An important action for all businesses is to look wider than their current organisation and aim to decarbonise their supply chain. This can be achieved through actions such as supplier incentives, knowledge sharing of the impact of climate change, producing procurement standards relating to greenhouse gas emissions and ranking supplier programmes. If your organisation does not have the skills to implement an effective supply chain decarbonisation strategy, procurement consultancies can provide invaluable support.
Finally, organisations should consider their sphere of influence. Educating employees, suppliers, customers and the wider community will encourage carbon reduction actions and increase a business’ ‘carbon handprint’.
Benefits to the business in focusing on carbon reduction
The benefits to the planet in driving towards Net Zero have already been outlined, but there are substantial benefits that will have a direct impact upon an organisation too. Reputational benefits to brand are significant, as is the ability to attract and retain talent in the organisation. It is widely documented that GenZ in particular, consider the ethics of an organisation when applying for roles. In addition, the act of reviewing processes often leads to improved efficiencies and a knock-on positive impact on the cost base of an organisation, plus diversifying energy provision can help to manage risk.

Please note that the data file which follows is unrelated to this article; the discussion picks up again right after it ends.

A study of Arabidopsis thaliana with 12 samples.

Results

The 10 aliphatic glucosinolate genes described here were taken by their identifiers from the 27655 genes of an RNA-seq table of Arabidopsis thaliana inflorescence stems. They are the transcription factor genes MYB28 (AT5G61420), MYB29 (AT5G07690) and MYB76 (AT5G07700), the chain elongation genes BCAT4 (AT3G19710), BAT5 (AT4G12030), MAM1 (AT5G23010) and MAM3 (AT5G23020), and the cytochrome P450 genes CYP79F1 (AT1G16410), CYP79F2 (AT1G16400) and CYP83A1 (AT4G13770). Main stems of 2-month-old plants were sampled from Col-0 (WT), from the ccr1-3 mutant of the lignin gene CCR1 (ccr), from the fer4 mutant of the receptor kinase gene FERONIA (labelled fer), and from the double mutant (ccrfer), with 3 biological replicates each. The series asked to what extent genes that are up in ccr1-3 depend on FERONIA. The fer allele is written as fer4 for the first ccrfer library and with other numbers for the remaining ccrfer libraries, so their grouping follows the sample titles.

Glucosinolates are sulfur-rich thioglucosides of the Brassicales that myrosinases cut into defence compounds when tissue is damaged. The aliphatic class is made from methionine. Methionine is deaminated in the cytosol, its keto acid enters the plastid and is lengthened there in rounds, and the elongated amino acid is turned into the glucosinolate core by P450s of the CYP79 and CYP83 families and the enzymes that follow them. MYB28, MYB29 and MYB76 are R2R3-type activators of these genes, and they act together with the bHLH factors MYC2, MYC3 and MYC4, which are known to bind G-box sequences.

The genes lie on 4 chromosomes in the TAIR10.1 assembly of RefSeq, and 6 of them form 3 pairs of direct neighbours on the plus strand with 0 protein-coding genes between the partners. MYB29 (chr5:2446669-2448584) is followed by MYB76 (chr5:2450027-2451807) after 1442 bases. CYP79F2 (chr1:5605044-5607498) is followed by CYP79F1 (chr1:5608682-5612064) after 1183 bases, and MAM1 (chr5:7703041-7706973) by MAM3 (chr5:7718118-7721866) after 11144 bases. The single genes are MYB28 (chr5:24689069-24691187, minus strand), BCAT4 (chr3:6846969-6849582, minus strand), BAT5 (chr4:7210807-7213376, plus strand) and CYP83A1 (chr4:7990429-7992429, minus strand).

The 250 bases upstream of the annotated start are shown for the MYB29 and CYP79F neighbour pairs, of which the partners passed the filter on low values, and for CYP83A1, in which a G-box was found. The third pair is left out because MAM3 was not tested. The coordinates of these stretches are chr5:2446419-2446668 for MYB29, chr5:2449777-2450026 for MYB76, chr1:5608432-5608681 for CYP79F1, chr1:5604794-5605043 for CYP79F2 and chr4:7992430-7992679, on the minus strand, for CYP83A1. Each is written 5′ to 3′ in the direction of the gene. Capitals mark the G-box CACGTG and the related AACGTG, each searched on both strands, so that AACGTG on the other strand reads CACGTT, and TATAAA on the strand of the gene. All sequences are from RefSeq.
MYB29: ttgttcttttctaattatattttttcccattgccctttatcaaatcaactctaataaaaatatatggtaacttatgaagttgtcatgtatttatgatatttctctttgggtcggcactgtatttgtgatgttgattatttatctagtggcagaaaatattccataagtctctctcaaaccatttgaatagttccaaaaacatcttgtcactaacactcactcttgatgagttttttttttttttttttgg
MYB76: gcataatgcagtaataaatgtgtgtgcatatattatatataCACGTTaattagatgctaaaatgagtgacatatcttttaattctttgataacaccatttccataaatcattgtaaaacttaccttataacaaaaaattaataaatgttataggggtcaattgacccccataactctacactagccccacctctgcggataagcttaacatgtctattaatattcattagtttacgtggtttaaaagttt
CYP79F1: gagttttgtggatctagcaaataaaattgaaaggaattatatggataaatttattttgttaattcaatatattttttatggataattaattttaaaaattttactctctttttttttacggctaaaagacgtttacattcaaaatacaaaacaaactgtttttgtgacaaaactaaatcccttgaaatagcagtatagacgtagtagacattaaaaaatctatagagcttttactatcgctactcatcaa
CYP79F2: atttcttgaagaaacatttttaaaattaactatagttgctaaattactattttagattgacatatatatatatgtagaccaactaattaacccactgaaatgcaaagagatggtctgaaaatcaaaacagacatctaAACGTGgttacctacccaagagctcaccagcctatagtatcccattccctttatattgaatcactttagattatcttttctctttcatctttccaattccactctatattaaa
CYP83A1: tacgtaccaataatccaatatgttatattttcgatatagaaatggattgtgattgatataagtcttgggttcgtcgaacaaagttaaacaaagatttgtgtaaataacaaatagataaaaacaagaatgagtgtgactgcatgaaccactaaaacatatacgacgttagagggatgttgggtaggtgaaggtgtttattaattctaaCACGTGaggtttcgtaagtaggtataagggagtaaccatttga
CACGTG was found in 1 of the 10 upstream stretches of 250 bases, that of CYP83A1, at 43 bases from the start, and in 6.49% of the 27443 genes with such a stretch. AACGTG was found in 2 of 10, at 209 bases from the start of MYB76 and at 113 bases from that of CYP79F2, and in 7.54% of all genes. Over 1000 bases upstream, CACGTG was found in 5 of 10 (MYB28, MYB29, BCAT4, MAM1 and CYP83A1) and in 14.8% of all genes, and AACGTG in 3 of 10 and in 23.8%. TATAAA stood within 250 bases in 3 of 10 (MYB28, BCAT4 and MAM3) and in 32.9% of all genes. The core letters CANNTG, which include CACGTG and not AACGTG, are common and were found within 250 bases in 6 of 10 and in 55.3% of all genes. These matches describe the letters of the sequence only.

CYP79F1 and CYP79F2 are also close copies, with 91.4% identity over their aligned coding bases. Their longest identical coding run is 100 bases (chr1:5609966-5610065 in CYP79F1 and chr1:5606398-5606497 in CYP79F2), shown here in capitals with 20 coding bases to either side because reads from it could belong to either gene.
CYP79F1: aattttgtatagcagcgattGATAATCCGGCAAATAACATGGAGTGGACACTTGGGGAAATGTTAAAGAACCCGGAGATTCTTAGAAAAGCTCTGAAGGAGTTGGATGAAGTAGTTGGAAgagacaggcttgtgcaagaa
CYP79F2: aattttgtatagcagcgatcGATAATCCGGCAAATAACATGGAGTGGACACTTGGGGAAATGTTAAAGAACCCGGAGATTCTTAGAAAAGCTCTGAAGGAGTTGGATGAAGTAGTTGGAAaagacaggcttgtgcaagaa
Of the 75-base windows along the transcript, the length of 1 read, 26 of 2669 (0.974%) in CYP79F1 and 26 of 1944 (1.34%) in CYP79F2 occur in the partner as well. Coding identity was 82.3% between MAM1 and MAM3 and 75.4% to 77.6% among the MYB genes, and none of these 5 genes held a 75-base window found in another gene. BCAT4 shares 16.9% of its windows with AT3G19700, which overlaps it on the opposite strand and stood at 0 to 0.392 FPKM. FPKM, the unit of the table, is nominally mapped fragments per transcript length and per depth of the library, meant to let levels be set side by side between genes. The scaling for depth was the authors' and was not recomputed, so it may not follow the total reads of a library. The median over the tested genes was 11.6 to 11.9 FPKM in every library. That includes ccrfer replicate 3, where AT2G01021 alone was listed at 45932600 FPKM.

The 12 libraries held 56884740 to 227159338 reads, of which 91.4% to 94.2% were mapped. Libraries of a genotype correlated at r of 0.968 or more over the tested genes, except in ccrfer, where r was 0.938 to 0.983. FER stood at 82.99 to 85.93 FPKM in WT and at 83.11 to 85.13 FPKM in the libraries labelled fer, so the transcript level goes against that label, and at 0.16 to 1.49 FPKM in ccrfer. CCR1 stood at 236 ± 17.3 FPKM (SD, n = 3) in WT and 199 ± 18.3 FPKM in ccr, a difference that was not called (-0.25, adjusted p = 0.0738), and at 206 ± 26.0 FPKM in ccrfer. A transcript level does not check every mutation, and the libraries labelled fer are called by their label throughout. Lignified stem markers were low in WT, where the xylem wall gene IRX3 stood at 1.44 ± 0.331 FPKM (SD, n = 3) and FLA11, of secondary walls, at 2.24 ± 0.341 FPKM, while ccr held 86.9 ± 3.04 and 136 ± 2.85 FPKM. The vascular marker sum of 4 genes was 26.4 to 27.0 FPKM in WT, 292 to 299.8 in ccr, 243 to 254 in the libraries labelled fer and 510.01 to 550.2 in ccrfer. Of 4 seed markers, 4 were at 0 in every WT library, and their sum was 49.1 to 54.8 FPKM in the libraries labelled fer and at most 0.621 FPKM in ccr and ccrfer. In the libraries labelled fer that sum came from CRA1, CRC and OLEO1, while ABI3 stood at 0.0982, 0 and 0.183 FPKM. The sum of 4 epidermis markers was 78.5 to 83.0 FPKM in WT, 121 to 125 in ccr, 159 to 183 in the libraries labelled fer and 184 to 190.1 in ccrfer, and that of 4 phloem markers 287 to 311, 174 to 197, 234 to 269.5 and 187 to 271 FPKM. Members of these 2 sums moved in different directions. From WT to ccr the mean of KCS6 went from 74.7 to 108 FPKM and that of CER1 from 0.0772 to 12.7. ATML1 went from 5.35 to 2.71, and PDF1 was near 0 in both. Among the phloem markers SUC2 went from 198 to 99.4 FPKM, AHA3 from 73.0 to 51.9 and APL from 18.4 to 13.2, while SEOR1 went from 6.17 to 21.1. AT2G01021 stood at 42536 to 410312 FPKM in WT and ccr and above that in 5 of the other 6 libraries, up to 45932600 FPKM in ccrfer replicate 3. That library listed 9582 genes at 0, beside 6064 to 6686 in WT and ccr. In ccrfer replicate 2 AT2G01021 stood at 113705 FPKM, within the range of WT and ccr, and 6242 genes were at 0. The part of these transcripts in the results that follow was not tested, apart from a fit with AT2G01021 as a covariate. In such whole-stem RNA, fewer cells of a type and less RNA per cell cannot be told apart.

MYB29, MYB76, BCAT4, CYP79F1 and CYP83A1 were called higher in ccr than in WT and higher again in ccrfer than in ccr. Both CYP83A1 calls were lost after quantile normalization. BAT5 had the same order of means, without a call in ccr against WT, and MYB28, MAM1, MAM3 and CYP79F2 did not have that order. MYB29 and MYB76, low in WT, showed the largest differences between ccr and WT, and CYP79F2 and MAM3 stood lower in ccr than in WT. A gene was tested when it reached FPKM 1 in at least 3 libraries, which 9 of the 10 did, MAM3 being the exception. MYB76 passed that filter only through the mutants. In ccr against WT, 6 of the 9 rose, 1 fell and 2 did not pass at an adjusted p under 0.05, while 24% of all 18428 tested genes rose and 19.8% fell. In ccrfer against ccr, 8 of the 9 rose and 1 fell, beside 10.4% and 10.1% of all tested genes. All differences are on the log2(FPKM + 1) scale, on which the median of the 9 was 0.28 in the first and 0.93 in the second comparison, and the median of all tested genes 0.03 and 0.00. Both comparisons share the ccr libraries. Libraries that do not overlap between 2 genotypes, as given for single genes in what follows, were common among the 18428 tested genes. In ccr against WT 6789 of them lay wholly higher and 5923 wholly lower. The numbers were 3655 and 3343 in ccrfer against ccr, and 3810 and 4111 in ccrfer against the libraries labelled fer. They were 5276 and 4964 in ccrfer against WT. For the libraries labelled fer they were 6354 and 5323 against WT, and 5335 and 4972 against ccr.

How can employees play their part in Net Zero?
As we have become more aware of the impact we have on our Earth we have seen reductions in carbon emissions in the UK, from 1000 million tonnes in 2004 to 650 million tonnes CO2e today. A study by Mike Berners-Lee of Lancaster University showed that an average UK person’s Greenhouse Gas footprint is 12.7 tonnes CO2e per year, and that this could be broken down into 25% home and accommodation, 27% travel, 25% food and 23% for ‘everything else’ (non-food shopping, services, health and education etc).
So what more can employees do to address their Greenhouse Gas footprint?